The US Food and Drug Administration has approved a new drug, known as tucatinib or Tuksya, as a treatment for advanced forms of breast cancer. To be used alongside chemotherapy, it has been approved for cancer that cannot be removed by surgery, and that have spread to other parts of the body including the brain.
In particular, the drug works against HER2-positive breast cancer- when the body has an excessive amount of a cancer-growing protein known as human epidermal growth factor receptor 2 (HER2). Responsible for around 1 in 5 cases of breast cancer, around 25% of women with the condition also develop brain metastases.
The FDA approved Tuksya based on results from a controlled clinical trial examining its effects on 612 patients with treatment-resistant HER-2 positive breast cancer. In the end, the researchers found that patients who received the drug alongside chemotherapy and drugs trastuzumab and capecitabine had a progression-free survival (time in which the patient lives with the disease but it does not get worse) of 7.8 months compared to the 5.6 months of those on a placebo. Meanwhile, the overall survival and progression-free survival rate of those on the drug was 21.9 months as opposed to 17.4 months for those on the placebo.
The researchers also noted that common side effects of the drug are diarrhea, palmar-plantar erythrodysesthesia (burning or tingling discomfort in the hands and feet), nausea, liver damage, decreased appetite and anemia among others. Meanwhile, they noted that serious side effects included severe diarrhea, acute kidney injury and death.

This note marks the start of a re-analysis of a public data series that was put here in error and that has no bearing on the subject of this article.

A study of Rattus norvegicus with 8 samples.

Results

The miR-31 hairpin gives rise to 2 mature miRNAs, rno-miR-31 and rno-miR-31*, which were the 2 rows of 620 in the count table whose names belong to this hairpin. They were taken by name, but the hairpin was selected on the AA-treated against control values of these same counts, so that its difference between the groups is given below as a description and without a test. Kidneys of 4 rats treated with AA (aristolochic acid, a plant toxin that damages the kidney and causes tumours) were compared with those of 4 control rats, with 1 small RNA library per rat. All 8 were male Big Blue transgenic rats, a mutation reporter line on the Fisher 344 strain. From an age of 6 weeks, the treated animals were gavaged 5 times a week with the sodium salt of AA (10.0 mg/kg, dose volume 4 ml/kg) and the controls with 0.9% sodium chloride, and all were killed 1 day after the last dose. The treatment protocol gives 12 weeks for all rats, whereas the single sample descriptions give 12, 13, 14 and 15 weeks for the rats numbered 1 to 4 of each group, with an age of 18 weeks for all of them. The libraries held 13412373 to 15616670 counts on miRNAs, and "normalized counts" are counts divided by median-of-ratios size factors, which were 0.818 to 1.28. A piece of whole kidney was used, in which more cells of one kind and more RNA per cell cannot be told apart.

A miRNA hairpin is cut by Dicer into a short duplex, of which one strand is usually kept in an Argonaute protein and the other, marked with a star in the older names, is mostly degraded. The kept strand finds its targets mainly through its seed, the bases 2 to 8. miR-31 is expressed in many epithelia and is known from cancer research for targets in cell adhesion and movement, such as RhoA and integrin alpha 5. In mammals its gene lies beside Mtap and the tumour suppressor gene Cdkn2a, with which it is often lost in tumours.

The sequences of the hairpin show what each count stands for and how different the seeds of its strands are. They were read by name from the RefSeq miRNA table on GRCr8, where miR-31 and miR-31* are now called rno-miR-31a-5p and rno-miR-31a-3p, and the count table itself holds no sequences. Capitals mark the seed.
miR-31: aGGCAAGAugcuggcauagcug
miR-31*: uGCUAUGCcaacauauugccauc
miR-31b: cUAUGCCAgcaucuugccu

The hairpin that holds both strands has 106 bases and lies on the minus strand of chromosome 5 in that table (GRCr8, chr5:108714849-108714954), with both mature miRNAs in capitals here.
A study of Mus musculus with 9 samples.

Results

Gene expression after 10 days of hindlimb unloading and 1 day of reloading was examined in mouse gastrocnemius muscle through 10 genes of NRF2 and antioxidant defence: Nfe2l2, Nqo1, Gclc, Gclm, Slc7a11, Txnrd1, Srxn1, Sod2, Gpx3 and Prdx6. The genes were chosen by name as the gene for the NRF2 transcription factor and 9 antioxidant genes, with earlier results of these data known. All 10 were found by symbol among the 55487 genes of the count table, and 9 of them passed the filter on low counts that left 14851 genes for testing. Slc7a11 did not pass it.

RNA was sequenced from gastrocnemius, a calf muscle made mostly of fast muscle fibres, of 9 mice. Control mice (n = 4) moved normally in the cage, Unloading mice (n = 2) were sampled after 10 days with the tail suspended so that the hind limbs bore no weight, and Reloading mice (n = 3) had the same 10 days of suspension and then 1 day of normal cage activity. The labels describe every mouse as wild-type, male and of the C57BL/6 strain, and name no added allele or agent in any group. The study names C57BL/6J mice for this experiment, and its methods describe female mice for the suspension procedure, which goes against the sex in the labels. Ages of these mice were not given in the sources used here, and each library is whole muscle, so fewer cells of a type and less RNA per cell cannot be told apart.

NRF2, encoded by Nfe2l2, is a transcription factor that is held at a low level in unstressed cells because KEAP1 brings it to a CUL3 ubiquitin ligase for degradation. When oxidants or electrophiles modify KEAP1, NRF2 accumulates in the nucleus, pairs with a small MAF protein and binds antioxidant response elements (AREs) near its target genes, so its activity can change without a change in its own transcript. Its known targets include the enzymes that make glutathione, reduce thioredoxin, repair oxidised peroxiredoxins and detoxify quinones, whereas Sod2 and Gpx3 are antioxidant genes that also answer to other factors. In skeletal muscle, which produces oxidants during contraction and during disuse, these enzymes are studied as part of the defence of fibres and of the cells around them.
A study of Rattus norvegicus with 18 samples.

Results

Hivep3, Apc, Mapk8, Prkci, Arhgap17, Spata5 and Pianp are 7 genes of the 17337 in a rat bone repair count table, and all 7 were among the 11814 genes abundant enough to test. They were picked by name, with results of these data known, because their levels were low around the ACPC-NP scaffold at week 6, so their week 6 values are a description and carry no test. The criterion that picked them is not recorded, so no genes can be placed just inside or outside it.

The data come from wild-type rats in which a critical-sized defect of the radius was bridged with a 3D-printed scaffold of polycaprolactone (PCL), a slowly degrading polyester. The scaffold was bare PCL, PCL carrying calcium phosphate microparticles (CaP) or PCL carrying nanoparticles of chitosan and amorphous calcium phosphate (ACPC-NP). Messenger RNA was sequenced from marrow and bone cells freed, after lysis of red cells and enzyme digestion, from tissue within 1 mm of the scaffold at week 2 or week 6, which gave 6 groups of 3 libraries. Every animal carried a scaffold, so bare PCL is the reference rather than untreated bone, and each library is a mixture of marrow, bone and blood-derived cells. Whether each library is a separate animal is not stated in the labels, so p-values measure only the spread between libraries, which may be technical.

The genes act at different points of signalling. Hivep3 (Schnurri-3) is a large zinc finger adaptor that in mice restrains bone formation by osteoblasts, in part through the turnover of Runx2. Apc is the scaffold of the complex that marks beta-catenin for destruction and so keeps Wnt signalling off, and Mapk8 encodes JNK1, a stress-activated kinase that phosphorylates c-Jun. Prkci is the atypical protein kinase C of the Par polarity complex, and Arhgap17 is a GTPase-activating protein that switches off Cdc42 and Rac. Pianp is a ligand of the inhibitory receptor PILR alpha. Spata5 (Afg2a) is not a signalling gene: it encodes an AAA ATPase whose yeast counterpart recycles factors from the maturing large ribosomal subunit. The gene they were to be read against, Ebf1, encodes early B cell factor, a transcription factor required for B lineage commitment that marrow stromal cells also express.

"We recognize that patients with cancer constitute a vulnerable population at risk of contracting the coronavirus disease," says Dr. Richard Pazdur, director of the FDA’s Oncology Center of Excellence. "In this critical time, we remain steadfast in our commitment to patients with cancer and doing everything we can to expedite oncology product development. Tukysa was approved four months prior to the FDA goal date, providing an example of this commitment and showing how our regular work in reviewing treatments for patients with cancer is moving forward without delay."